Crow’s Nest: Plants we love, plants we don’t…
First, a plant we love is in bloom right now. Half of its name—butterfly weed—is unfortunate, as it is not a weed at all. At least it is never invasive for us, and it is a good native plant for attracting butterflies and bees. Its botanic name is Asclepias tuberosa, and it is in the milkweed family (Apocynaceae). You can see it along the trail through our savanna.
Then there is another plant in the same family that grows in the same meadow that we don’t love so much. It is not ugly in appearance, but it can be a very aggressive invasive plant. Called pale swallowwort (Cynanchum rossicum, synonym Vincetoxicum rossicum) it also goes by the name, “the dog-swallowing vine”—because (as the story goes), if your dog were to run into a patch of it, you might never see him or her again.
I was never sure whether we had pale swallowwort or black swallowwort, but after taking this closeup photo (and upon the counsel of Penn State’s Art Gover) I have become confident that ours is “pale.” It’s not just that the flowers are lighter in maroon color, but the lobes of the corolla are hairless and skinnier compared to black swallowwort’s darker maroon color and broader and pubescent corolla lobes. Both are potentially invasive species but pale swallowwort is only known to grow in a couple locations in Pennsylvania (so far) so our population adds significantly to the geographic data for this species. Yes, I’m aware of the irony of having a “rare invasive.” But knowing that a plant that is invasive elsewhere is now present on the land you manage (or in your county, etc.) is forewarned, forearmed.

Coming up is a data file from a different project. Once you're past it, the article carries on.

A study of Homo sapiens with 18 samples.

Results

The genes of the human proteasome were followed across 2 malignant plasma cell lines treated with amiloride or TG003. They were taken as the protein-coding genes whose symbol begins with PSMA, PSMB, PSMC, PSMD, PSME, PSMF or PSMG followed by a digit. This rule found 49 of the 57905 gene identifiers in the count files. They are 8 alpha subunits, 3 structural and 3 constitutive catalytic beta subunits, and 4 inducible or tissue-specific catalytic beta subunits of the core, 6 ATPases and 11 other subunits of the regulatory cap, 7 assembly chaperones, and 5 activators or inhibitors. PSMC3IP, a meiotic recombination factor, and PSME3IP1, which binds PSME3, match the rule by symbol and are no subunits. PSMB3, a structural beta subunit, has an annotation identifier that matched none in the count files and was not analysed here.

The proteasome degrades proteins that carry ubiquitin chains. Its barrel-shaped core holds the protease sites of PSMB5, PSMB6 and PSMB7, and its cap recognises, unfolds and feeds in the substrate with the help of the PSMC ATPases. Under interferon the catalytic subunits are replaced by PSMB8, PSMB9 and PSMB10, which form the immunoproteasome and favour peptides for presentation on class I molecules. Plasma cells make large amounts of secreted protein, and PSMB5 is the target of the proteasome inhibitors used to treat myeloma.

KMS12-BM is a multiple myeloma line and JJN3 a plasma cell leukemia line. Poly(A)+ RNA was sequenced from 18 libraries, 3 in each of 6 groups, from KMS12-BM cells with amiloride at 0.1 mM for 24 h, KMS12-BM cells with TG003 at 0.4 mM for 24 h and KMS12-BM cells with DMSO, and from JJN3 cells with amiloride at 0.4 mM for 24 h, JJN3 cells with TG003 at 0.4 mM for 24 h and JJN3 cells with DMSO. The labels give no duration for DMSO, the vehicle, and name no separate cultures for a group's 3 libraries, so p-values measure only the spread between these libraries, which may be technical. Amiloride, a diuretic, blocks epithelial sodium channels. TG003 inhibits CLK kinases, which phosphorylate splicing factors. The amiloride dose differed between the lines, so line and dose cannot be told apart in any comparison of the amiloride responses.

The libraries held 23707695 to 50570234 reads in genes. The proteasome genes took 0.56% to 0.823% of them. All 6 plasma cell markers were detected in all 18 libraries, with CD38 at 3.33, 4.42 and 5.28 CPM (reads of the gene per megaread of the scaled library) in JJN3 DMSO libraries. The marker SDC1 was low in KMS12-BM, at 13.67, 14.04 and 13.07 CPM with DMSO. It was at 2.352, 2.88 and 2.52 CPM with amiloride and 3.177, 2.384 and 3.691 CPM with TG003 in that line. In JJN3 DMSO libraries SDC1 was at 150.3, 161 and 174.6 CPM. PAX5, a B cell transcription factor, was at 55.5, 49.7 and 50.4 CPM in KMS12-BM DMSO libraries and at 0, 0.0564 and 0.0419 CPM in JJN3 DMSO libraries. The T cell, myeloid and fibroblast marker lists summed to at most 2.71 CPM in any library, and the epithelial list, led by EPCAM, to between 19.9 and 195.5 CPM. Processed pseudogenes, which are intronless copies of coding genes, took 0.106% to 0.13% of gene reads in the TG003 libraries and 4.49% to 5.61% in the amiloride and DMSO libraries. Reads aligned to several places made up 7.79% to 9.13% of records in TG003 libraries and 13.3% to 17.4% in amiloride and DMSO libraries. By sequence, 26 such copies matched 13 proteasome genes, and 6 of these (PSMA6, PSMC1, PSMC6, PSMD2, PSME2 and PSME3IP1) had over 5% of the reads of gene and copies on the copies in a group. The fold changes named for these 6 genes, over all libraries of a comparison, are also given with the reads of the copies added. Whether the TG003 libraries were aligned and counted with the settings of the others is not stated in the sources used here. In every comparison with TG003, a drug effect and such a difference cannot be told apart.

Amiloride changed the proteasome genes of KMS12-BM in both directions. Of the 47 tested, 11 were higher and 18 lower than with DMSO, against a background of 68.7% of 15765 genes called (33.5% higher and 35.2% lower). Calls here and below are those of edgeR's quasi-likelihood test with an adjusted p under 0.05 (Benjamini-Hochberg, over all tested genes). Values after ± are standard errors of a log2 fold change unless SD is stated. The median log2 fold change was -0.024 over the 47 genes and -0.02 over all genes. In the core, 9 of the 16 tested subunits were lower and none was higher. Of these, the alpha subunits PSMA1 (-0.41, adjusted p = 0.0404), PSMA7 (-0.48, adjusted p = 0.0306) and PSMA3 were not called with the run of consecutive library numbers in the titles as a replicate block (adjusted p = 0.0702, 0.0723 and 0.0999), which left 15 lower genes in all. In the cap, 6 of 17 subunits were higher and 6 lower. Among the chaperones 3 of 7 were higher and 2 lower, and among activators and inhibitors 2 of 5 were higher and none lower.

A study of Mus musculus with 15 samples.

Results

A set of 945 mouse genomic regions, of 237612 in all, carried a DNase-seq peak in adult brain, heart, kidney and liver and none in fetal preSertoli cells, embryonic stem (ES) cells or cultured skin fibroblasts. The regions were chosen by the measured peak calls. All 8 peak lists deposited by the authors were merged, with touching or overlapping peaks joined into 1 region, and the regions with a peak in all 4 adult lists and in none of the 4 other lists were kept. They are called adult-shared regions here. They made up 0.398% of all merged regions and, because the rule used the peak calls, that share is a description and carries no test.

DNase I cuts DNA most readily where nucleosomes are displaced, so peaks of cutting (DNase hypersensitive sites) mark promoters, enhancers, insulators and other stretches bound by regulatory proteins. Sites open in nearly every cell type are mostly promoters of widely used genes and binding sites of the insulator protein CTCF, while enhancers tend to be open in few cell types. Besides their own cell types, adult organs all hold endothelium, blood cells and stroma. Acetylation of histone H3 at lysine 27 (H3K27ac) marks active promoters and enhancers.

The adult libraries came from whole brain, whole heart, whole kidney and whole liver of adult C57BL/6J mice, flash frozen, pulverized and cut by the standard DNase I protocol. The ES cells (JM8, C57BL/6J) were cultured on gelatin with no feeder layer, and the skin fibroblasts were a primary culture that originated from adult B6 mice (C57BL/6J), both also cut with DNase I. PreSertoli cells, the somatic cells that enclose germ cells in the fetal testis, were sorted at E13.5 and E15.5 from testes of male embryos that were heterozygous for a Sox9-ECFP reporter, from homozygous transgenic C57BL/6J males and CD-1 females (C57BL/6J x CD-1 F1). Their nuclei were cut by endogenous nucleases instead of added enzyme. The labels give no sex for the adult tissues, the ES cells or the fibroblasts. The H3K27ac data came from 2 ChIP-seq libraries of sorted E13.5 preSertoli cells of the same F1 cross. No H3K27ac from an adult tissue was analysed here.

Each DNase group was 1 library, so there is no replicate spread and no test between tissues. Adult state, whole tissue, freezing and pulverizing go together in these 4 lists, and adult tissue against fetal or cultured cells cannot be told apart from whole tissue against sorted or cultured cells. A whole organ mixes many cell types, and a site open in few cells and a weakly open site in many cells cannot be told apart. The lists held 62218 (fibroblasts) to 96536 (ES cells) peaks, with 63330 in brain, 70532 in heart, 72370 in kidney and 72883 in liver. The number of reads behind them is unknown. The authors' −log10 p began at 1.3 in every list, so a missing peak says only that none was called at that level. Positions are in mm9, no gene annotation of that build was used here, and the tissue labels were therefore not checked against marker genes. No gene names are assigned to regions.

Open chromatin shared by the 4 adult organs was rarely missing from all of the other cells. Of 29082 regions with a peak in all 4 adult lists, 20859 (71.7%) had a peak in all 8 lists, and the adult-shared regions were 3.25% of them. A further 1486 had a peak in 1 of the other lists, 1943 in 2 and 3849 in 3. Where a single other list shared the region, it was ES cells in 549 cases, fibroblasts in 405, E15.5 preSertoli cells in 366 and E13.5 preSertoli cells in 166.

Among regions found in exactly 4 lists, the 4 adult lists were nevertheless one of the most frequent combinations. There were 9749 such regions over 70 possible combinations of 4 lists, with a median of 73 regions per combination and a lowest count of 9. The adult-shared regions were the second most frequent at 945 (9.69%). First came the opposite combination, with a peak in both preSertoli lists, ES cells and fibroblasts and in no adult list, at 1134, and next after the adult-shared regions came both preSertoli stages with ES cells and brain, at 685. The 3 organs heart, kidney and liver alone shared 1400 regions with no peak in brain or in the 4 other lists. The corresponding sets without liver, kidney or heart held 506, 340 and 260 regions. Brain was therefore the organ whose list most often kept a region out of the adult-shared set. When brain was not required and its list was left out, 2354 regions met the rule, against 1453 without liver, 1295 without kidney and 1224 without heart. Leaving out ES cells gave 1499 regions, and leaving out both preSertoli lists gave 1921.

You can read a post from 2007 about our swallowwort here, at which time a researcher was studying the soils that are prone to be invaded by swallowworts.
I have submitted an entry for our population of pale swallowwort to the database of the Mid-Atlantic Early Detection Network (MAEDN) for invasive plants. The purpose is to alert land managers and officials that a species of invasive plant is now becoming present in the region so that management efforts can be initiated while control is still possible. Expert verification is required for each entry; photographs and a map accompany each record.
Posted by Daniel Barringer on June 12, 2012.